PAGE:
The Superleague, try as some fans might, refuses to go away. The recent appointment of firm A22 as the organisers and CEO Bernd Reichart of the competition confirm that Barcelona, Juventus and Real Madrid are attempting to forge ahead.
Speaking to Sport in a recent interview, Barcelona President Joan Laporta confirmed as much.
“The Super League is a great opportunity. But you can only win through dialogue. What the Super League aims to do is improve football, it fights for the sustainability of football, so that the clubs come out of ruin, so that the clubs can be more and more competitive, and have more resources. The Super League will end up as a much improved Champions League, which will be based on meritocracy, that is, it will be open, without club discrimination, but with guarantees and rules that will allow clubs to have more resources. Super League CEO Bernd Reichart met last Tuesday with UEFA President Aleksander Ceferin in a very important step forward.”
Despite Laporta’s words, many saw that meeting as a victory for UEFA over the Superleague, with multiple groups turning up to the meeting and battering Reichart with questions he could not answer.
He also spoke about the earning potential for the Superleague – a single year of the Superleague would add up to the equivalent of Barcelona’s current debt, although that is without taking into account the money they would not gain from the Champions League.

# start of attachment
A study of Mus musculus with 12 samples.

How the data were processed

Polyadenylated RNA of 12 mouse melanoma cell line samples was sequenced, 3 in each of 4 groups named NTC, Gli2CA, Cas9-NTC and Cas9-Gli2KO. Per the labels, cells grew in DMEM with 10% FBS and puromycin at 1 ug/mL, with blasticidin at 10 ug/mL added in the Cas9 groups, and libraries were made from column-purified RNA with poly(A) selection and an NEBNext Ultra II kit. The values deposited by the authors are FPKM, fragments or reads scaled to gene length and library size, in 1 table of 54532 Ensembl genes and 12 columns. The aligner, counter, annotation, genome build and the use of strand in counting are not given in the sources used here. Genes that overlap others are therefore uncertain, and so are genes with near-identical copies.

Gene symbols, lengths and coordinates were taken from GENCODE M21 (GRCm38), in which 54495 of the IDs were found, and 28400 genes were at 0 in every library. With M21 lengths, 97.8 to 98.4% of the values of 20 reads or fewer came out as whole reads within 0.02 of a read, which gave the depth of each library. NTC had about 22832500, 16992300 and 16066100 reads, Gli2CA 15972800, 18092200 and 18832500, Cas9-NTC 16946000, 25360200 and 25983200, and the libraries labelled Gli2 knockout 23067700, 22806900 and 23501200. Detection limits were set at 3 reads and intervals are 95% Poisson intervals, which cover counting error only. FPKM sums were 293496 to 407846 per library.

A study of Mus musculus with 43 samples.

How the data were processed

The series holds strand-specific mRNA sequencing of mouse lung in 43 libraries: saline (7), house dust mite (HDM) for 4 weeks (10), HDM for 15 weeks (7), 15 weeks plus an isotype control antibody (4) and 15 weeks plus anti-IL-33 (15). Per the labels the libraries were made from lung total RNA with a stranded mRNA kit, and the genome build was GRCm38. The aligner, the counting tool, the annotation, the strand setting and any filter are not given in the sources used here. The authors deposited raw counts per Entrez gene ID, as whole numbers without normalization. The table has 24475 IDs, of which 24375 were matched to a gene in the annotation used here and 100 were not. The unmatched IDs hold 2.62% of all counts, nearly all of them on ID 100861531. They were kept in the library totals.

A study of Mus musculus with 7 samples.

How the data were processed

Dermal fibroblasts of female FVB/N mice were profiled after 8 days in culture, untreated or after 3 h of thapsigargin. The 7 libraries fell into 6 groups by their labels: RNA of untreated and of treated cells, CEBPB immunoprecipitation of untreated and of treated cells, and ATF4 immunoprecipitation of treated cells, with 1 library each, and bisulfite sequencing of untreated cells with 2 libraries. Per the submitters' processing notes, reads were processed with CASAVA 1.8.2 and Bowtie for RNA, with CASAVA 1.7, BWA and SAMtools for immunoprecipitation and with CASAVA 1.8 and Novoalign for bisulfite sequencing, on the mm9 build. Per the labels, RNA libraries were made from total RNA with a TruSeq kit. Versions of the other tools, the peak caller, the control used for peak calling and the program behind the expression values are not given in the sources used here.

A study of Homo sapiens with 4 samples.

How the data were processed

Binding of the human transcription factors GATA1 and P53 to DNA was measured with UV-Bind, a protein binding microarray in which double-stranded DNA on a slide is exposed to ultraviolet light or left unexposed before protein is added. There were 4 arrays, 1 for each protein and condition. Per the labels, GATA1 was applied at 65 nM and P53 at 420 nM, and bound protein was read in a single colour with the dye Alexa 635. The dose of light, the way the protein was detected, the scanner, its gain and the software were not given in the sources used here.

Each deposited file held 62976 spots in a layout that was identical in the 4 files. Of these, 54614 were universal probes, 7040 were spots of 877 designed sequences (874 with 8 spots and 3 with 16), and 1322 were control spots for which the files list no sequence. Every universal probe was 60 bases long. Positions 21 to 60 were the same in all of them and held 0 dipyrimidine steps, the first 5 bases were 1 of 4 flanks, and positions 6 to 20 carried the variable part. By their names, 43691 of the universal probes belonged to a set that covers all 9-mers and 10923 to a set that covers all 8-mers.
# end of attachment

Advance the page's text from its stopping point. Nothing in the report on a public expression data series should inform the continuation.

“From the outset, for the founding clubs, there is an initial bonus of 1,000 million euros. And per season we could get about 300 million annually in this competition. In addition, the key to the Super League is that the clubs will have governance. UEFA will obviously be at the governance table, but the clubs will have the majority.”
It is not yet clear who the founding clubs are – whether that is restricted to Barcelona, Juventus and Real Madrid, or refers to the founding 12 members of the original Superleague.
Laporta bookmarked a crucial date one way or another.
“In March there will be the resolution of the Court of Luxembourg and having started this dialogue with UEFA, I think that in a couple of seasons the competition could start.”
The three clubs still remaining in the Superleague see it as their golden ticket to increase their income, but also level the playing field with the Premier League clubs. However as their competitive advantage becomes increasingly obvious, it will be difficult to persuade the English sides into the project, even if the remaining three can put it together.